Lost in Bangladesh, pet elephants in an ownership tussle in Assam
Two elephants allegedly stolen and smuggled from Bangladesh, have found their way into an ownership row in Assam and a diplomatic complication for India.india Updated: Jun 17, 2015 12:38 IST
Two elephants allegedly stolen and smuggled from Bangladesh, have found their way into an ownership row in Assam and a diplomatic complication for India.
The police in southern Assam’s Hailakandi district found two female elephants near Lakhirbond village in the district on Monday. They were reportedly stolen from Md Makhlisur Rahman of Kulaura town in Bangladesh.
Rahman had on January 28 lodged a complaint, saying his elephants when missing on January 22 from a forest behind his house. He suspected they were smuggled to India.
He networked with his relatives in Tripura and Assam’s Barak Valley areas to locate the elephants. With help from local MLA Manilal Goala, two of his kin from Hailakandi helped track them down.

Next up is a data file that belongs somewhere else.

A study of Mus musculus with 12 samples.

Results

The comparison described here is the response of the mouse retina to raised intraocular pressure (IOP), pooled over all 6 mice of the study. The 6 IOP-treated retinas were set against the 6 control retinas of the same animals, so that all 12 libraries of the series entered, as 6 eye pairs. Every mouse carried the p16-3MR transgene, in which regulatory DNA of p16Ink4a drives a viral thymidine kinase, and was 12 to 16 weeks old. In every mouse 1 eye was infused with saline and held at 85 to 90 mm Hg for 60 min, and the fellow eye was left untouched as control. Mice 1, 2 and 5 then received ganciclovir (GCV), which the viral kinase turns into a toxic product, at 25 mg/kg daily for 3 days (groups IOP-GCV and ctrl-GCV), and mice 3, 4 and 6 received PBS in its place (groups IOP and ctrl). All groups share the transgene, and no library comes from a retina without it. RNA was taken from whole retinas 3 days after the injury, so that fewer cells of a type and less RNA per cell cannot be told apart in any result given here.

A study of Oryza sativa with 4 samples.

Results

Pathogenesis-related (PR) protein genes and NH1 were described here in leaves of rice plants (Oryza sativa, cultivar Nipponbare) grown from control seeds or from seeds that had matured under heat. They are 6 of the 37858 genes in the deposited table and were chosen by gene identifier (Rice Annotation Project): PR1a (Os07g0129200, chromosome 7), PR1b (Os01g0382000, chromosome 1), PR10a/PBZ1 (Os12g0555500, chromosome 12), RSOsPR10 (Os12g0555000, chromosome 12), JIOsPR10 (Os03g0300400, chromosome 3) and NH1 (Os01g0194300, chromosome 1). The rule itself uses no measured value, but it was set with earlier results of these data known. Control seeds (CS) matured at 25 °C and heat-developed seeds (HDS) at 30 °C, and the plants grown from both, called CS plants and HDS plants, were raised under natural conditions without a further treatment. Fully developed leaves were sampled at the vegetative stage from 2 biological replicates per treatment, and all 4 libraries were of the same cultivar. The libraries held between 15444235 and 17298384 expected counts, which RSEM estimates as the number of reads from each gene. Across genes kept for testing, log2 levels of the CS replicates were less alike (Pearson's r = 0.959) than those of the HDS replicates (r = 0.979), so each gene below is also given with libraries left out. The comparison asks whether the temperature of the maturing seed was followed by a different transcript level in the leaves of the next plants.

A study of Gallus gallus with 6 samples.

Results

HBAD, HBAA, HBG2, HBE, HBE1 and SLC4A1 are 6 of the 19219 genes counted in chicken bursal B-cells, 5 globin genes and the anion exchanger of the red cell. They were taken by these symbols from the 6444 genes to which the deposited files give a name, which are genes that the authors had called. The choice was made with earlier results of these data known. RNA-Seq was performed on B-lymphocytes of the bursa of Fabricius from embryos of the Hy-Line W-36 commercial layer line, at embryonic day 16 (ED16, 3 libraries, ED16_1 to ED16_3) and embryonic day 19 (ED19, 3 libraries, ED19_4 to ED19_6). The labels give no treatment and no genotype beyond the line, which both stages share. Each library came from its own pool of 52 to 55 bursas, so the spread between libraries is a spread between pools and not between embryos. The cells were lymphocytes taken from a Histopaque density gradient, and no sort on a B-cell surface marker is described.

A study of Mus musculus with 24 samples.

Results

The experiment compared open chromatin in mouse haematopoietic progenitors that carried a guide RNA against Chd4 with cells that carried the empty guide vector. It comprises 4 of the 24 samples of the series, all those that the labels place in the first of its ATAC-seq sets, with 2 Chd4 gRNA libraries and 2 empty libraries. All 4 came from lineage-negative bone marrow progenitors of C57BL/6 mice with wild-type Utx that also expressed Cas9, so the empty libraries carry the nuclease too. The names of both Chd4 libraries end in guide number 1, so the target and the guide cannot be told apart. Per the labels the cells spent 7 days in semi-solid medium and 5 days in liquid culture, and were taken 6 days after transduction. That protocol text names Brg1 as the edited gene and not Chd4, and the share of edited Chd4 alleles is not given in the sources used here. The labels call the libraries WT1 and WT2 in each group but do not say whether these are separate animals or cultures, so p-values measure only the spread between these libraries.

“We brought the elephants, seemingly abandoned, to a field near the police lines and arrested one person on suspicion of smuggling them,” Hailakandi district superintendent of police (SP) Rajen Singh said.
The police facilitated a “reunion” between the elephants and Rahman, who reached the town on Saturday with travel papers following a flag meeting between the Border Security Force and the Bangladesh Border Guards.
But the Bangladeshi national’s happiness was short-lived when a Hailakandi local named Manjurul Islam Barbhuiyan turned up Tuesday to claim he was the real owner of the elephants that went missing seven years ago.
“They were possibly smuggled to Bangladesh,” Barbhuiyan said.
The elephants, along with the two ‘owners’, were later taken to a local court. The chief judicial magistrate asked the SP to probe the ownership dispute and fixed June 23 as the date of hearing.
Earlier, Singh said the elephants responded to Rahman’s patting and embraces. “But we have asked wildlife officials to undertake a verification process,” he added.
Forest officials said it would not be difficult to verify the ‘nationality’ of the animals since, unlike in Bangladesh, domesticated elephants in India carry implanted microchips.
The ownership dispute, meanwhile, is likely to complicate the repatriation of the elephants to Bangladesh.
“The animals require clearances at the diplomatic level. It seems they will have to stay back for some time,” a district officer said.